Settlement delivers blow to death row clemency effort; hospital launches maternal mental health unit
Across the Gulf South, parents’ organizations have been leading efforts to ban books they say are inappropriate for children and teens. But libraries and bookstores are pushing back, celebrating Banned Books Week. The Gulf States Newsroom’s Drew Hawkins andMaya Miller report on efforts to celebrate the books that have been removed from the shelves.
In June, nearly all of Louisiana’s 57 death row inmates filed clemency applications with the Louisiana Board of Pardons, asking Gov. John Bel Edwards to commute their sentences to life in prison. Edwards declined to commute the sentences, but asked the state’s Committee on Parole to set clemency hearings for the inmates – and publicly announced that he supports abolishing the death penalty.
But the clemency effort was brought to an abrupt halt when prosecutors struck a deal with the state pardons board to consider only five clemency applications, at most. This came after a Baton Rouge judge dismissed a lawsuit that sought to halt all 55 clemency requests.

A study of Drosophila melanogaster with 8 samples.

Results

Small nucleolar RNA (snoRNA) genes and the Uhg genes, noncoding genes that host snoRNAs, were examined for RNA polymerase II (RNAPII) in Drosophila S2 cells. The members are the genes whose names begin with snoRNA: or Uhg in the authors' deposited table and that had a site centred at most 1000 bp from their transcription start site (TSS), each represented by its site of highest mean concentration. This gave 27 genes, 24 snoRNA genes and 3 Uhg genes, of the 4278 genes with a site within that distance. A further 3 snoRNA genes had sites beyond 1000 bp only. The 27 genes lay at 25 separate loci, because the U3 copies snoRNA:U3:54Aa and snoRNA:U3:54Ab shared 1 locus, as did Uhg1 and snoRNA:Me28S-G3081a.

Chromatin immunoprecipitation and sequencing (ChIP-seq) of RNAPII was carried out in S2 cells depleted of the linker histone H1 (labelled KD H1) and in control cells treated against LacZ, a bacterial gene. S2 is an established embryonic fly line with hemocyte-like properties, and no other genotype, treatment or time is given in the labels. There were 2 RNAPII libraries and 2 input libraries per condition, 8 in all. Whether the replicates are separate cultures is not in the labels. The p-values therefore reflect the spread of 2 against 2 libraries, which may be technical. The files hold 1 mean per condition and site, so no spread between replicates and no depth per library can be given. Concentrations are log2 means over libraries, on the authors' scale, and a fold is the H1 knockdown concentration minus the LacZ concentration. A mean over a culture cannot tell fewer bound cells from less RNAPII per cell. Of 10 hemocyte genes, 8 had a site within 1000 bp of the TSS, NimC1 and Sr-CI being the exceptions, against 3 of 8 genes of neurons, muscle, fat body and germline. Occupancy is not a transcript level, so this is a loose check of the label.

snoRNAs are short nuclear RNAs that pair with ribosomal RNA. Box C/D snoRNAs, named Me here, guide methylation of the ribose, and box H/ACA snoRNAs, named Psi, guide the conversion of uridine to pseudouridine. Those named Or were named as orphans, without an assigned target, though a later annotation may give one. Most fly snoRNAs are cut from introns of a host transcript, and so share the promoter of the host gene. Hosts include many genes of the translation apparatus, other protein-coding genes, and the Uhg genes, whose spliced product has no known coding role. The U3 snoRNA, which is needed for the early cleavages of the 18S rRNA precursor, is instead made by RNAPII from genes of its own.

James Finn, who covers state politics for The Times-Picayune / The Advocate, joins us for more about this blow to the historic death row clemency effort – and what it means for the incarcerated people at the center of the movement.
In September, Woman’s Hospital in Baton Rouge announced that it will open Louisiana’s first inpatient maternal mental health unit. The unit will serve pregnant and postpartum patients in an effort to increase maternal health care in a state that consistently has higher than average maternal complications and mortality.
Today’s episode of Louisiana Considered was hosted by Karen Henderson. Our managing producer is Alana Schreiber and assistant producer is Aubry Procell. Our engineer is Garrett Pittman.